When examining the chronically infertile mare, it's important to remember that the uterus is not an organ suspended in space--it must be viewed as one part in a complex system. Anything affecting the animal, no matter how remote, can have an effect on the reproductive system, according to Michelle LeBlanc, DVM, Dipl. ACT, a practitioner with Rood & Riddle Equine Hospital. LeBlanc presented on diagnostics and case management of these mares at the Florida Association of Equine Practitioners (FAEP) Promoting Excellence Symposium, held Sept. 27-29, 2007, at the Atlantis resort on Paradise Island, the Bahamas.

Diagnosing these mares begins with a physical exam of the entire animal.

"Your physical exam and taking a good history will give you the answer about 60% of the time," LeBlanc said. The veterinarian should consider factors such as the mare's age, condition, and whether she's sound. If that checks out, then scrutinize the reproductive system more closely.

If she notes anything abnormal during the vaginal exam of the infertile mare, LeBlanc advocates running both cytology (examination of the cells) and cultures. In a recent study, LeBlanc and Tom Riddle, DVM, looked at the diagnostics used on 970 Thoroughbred mares in Central Kentucky. Of these mares, 55% of those with reduced fertility would have remained undiagnosed without cytology to catch inflammation, and 17% would have remained undiagnosed without culture to catch infections.

In another study, LeBlanc looked at the results of 401 small volume uterine flushes performed on 308 mares, correlating the clarity of the flushed fluid to laboratory findings. She found that cloudy fluid is highly indicative of the presence of bacteria, with Escherichia coli or beta Streptococcus being isolated most frequently. LeBlanc noted that practitioners using this technique increase their likelihood of finding bacteria in the uteri of chronically infertile mares by about twofold as compared to culture swab.

Another diagnostic tool LeBlanc uses is the endoscope to visually inspect the reproductive system. In one case she reviewed, a mare had no inflammatory cells on cytology and no bacteria isolated from a swab culture, but the endoscopic exam revealed that she had adhesions throughout her uterus. Without this diagnostic modality the cause of her infertility could have remained unanswered.

LeBlanc said she'll turn to the endoscope when she suspects adhesions, focal infections, foreign bodies, persistent endometrial cups (define), or when the cause for the persistent infertility is clear.

LeBlanc then presented case studies, asking the assembled practitioners for ideas on how they would proceed with the cases, and what treatment protocols and management plans they would institute once the cause of infertility was pinpointed.

LeBlanc was confronted with a difficult case involving a chronically infertile Saddlebred mare with a flaccid uterus, tiny ovaries, a cyst, and small adhesions between the cervical os (opening) and the vaginal wall--but these issues didn't fully explain her infertility. LeBlanc next turned to the endoscope, which revealed a bright red, inflamed endometrium. No organisms turned up as a result of a small volume flush. She next used DMSO (dimethyl sulfoxide, an anti-inflammatory and solvent) to eliminate the mucoid layer overlying the endometrium. A follow-up flush revealed Pseudomonas bacteria--which create biofilm (a protective layer that's a method of resistance for bacteria). Antibiotics cannot always penetrate biofilms, so the practitioner might need to use solvents such as DMSO before using antibiotics to eliminate an infection.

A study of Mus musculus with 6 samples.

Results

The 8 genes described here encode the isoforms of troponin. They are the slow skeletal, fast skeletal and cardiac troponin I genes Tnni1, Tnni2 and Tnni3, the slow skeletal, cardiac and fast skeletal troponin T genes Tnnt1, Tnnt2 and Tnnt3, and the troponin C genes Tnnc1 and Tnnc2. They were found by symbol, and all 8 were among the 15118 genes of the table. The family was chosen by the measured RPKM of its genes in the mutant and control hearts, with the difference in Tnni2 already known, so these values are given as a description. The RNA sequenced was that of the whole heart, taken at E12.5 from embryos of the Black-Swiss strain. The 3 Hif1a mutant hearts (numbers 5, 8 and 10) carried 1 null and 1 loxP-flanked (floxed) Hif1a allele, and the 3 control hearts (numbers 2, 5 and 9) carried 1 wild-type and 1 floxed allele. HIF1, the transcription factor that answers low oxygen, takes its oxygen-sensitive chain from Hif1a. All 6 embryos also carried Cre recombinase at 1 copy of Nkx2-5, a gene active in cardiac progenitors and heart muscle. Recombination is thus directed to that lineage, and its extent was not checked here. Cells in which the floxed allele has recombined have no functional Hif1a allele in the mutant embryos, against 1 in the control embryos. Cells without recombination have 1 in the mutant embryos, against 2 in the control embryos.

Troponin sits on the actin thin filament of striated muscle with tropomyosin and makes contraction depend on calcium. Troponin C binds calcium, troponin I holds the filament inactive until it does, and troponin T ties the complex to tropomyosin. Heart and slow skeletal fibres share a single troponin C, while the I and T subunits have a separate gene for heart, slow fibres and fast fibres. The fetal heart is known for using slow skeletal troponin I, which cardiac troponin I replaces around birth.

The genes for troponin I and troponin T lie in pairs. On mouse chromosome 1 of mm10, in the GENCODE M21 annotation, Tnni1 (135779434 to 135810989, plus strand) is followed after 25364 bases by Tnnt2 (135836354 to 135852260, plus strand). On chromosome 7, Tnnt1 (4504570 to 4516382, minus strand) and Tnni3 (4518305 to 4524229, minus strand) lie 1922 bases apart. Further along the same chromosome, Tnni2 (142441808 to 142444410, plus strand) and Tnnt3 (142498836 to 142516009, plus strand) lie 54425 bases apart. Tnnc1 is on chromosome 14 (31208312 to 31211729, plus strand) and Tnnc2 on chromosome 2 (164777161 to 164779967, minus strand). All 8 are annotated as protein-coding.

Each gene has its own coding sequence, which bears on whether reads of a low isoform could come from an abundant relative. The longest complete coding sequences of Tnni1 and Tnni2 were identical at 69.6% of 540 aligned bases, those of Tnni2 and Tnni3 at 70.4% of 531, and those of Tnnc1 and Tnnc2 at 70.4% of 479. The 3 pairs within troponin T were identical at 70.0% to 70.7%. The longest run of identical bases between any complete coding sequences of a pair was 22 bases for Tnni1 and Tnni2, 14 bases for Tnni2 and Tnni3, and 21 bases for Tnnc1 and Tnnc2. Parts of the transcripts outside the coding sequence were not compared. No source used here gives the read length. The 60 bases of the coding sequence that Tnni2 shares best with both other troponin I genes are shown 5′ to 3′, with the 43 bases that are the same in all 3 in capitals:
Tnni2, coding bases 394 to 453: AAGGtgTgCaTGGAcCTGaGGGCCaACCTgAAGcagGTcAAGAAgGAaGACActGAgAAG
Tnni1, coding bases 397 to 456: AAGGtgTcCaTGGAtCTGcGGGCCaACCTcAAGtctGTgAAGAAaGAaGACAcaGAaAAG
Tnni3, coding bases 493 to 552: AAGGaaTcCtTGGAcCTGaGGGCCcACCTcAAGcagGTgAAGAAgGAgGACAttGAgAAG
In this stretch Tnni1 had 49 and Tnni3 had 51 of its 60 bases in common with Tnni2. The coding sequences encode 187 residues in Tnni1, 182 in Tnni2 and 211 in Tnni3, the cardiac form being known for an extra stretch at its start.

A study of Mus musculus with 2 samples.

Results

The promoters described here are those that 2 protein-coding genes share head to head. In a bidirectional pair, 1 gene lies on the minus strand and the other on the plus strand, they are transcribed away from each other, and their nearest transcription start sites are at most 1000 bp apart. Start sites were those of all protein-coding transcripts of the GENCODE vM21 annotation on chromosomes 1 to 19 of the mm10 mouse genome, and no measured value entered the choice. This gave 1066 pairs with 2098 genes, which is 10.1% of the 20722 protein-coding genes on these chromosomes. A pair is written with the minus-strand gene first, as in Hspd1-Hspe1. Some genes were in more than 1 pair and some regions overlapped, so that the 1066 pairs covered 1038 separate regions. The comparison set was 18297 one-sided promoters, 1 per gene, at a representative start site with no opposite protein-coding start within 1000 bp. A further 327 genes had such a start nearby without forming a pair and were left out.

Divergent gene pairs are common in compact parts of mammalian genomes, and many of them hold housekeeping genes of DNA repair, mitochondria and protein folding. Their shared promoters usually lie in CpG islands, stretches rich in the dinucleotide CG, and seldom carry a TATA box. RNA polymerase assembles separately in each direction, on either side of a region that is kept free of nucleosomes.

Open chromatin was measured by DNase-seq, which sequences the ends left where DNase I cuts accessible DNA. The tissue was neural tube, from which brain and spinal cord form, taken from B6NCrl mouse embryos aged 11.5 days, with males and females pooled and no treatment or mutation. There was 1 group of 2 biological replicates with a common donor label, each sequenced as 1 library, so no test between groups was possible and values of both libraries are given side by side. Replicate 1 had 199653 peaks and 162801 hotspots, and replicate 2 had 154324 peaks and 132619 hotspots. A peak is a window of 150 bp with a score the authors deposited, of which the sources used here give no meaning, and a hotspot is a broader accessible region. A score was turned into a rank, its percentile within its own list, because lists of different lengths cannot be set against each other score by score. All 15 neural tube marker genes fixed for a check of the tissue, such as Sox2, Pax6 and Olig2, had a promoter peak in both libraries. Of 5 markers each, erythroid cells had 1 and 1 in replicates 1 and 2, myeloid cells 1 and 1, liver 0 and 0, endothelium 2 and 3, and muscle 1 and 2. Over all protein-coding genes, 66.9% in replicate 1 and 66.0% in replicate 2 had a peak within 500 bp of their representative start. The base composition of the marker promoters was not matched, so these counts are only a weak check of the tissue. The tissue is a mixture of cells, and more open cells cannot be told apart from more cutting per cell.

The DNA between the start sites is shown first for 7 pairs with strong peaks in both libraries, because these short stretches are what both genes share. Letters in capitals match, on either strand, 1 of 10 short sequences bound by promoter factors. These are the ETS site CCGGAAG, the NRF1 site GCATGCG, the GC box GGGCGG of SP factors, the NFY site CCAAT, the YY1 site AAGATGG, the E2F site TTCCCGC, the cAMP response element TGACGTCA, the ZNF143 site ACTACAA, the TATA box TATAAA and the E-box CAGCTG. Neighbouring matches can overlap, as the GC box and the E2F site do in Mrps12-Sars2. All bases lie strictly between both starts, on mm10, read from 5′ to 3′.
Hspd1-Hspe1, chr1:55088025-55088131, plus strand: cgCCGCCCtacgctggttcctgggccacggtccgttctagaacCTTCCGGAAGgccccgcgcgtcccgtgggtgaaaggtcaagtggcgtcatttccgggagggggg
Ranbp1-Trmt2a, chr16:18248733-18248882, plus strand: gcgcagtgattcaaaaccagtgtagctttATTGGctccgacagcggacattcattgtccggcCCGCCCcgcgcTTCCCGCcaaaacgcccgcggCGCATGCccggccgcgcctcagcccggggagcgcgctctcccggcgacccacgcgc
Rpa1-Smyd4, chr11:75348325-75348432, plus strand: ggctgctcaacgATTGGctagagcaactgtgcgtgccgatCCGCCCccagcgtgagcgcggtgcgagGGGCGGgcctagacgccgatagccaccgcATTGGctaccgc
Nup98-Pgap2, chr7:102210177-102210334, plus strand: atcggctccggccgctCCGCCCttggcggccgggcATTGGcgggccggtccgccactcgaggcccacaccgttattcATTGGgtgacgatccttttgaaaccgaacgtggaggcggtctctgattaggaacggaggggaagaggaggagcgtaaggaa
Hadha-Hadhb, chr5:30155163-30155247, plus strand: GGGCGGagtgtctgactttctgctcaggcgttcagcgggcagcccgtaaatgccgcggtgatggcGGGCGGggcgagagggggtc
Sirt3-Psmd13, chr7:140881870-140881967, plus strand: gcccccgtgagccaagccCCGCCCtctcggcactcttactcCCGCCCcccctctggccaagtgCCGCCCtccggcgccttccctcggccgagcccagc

In another case, an owner brought a mare to LeBlanc because the mare lost her pregnancy after 45 days. A small mass was palpable on rectal examination. On ultrasonound examination the ultrasound beam could not penetrate the mass. LeBlanc used an endoscope to visualize the endometrium. The mare had a marble inserted in the past to keep her from cycling for competitive performance reasons, and it had fractured, leaving chunks of glass embedded in the tissue. LeBlanc noted that practitioners should be careful when they choose a marble for keeping mares out of estrus, as the marble might be retained for long periods of time and it could fracture. Practitioners should look for a ball with a smooth surface and only a few lines of color, if any, as fractures in the glass most frequently occur along these lines.

Take-Home Message

The diagnosis and treatment of chronically infertile mares is a complex process. Practitioners should utilize the available diagnostics, including cultures and cytology, along with endoscopy, to root out the myriad causes of this problem and increase the chances of these mares having a fertile future.

About the Author

Erin Ryder

Erin Ryder is a former news editor of The Horse: Your Guide To Equine Health Care.